HSV-2, which is also known as genital herpes, causes sores around the genitals of both men and women who have it. In rare cases, herpes can affect other areas of the body, such as the eyes and brain. Encephalitis caused by HSV-1 is rare, but it has the potential to cause significant brain damage or death.

Radiological Testing For HSV-1
MRI is the preferred modality for evaluating the brain. However, early in the clinical course of the disease, MRI results may be negative. A negative MRI does not rule out HSV encephalitis. Therapy should be empirically continued until laboratory tests definitely exclude the diagnosis.

Early imaging with CT scanning or radionuclide studies may also reveal normal findings. CT scanning may not reveal abnormalities until 3-5 days after symptom onset, by which time the patient may be stuporous and comatose. As noted above, in the acute setting, even contrast-enhanced MRIs may be negative.

Tests Used for HSV-2
There are four different tests that can detect HSV and they are usually performed when there are sores around the genital area. The tests most often performed include:

Herpes Viral Culture Test
This test is performed by taking a sample of the cells or fluid of a fresh sore and placing them in a culture cup. While this test is very accurate when performed during the clear blister phase, it often does not detect the virus when done on ulcerated sores or when the virus is dormant.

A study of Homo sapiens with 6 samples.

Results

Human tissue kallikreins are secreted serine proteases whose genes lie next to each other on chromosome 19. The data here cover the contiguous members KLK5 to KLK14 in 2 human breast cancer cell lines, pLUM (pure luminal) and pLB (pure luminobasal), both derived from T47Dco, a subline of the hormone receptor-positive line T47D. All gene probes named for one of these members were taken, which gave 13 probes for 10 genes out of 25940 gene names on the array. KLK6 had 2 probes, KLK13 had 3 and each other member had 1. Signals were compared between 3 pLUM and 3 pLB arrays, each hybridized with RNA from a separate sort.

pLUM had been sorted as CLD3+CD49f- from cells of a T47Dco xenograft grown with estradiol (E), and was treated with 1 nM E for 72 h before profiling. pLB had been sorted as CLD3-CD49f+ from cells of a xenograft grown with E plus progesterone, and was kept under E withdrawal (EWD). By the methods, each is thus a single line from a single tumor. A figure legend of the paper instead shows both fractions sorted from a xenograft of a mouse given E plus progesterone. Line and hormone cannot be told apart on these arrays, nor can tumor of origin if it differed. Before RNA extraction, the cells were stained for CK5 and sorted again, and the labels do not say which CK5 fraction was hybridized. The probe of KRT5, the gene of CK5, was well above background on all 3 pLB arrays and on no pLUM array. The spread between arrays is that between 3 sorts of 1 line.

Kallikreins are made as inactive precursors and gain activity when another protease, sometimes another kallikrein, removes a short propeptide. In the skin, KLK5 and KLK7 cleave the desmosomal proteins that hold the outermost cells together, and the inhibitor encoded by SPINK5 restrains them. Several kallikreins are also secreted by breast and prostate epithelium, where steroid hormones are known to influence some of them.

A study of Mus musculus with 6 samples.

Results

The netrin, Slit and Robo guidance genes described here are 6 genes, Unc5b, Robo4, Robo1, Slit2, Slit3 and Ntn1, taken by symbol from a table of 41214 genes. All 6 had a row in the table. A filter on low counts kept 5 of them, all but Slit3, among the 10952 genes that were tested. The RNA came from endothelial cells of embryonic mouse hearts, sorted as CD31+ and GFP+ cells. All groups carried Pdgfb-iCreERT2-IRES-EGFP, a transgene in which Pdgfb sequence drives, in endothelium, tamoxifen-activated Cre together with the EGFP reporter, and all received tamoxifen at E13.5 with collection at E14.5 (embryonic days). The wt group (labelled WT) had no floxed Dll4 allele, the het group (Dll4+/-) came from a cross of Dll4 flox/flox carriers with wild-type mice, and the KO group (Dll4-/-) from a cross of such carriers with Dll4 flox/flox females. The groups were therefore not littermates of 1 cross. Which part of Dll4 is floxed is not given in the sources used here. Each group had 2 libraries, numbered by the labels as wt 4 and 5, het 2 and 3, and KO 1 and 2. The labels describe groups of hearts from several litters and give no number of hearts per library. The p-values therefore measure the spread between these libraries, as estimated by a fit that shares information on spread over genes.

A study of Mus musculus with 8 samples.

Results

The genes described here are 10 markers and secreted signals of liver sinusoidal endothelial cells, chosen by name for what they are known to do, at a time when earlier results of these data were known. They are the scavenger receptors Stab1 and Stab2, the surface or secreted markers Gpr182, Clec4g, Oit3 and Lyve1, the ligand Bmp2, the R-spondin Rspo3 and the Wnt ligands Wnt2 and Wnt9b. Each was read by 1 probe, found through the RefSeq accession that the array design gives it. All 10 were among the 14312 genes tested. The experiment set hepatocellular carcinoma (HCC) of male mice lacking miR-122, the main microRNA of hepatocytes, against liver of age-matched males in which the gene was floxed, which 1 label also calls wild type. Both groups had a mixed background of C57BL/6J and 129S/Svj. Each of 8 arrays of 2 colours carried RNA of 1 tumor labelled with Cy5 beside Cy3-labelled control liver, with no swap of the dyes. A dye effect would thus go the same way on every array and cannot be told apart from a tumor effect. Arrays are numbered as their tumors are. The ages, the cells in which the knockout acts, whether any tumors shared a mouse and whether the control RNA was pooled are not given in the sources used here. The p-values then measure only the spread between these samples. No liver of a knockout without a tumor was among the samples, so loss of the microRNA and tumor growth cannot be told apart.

Herpes Virus Antigen Detection Test
When this test is used to detect HSV, the cells from a fresh sore are scraped off and put on a microscope slide. The test looks for markers, known as antigens, on the cells that are infected with the virus. This test may be done either in place of a viral culture or in addition to one.

Polymerase Chain Reaction (PCR) Test
This test can be performed by taking a sample of the cells or fluid from a sore, conducting a blood test, or testing other applicable fluids, such as spinal fluid, for HSV. The PCR test is done to find the genetic material of the virus and can tell the difference between HSV-1 and HSV-2.

The PCR is not commonly performed on herpes sores, and spinal fluid is only used when the virus has caused an infection involving the brain. When herpes has infected the brain area, imaging tests like an MRI may be performed using a radiolabeled antiviral drug.

Antibody Tests
Although not as accurate as a viral culture, blood tests are performed to find antibodies that will help fight the herpes infection. The antibodies are created by the immune system as a response to the virus' presence.

When these tests are performed and the virus is found, your doctor can then treat you for the herpes virus.

For extra reading, here is great informative post on herpes testing and what you need to know about it.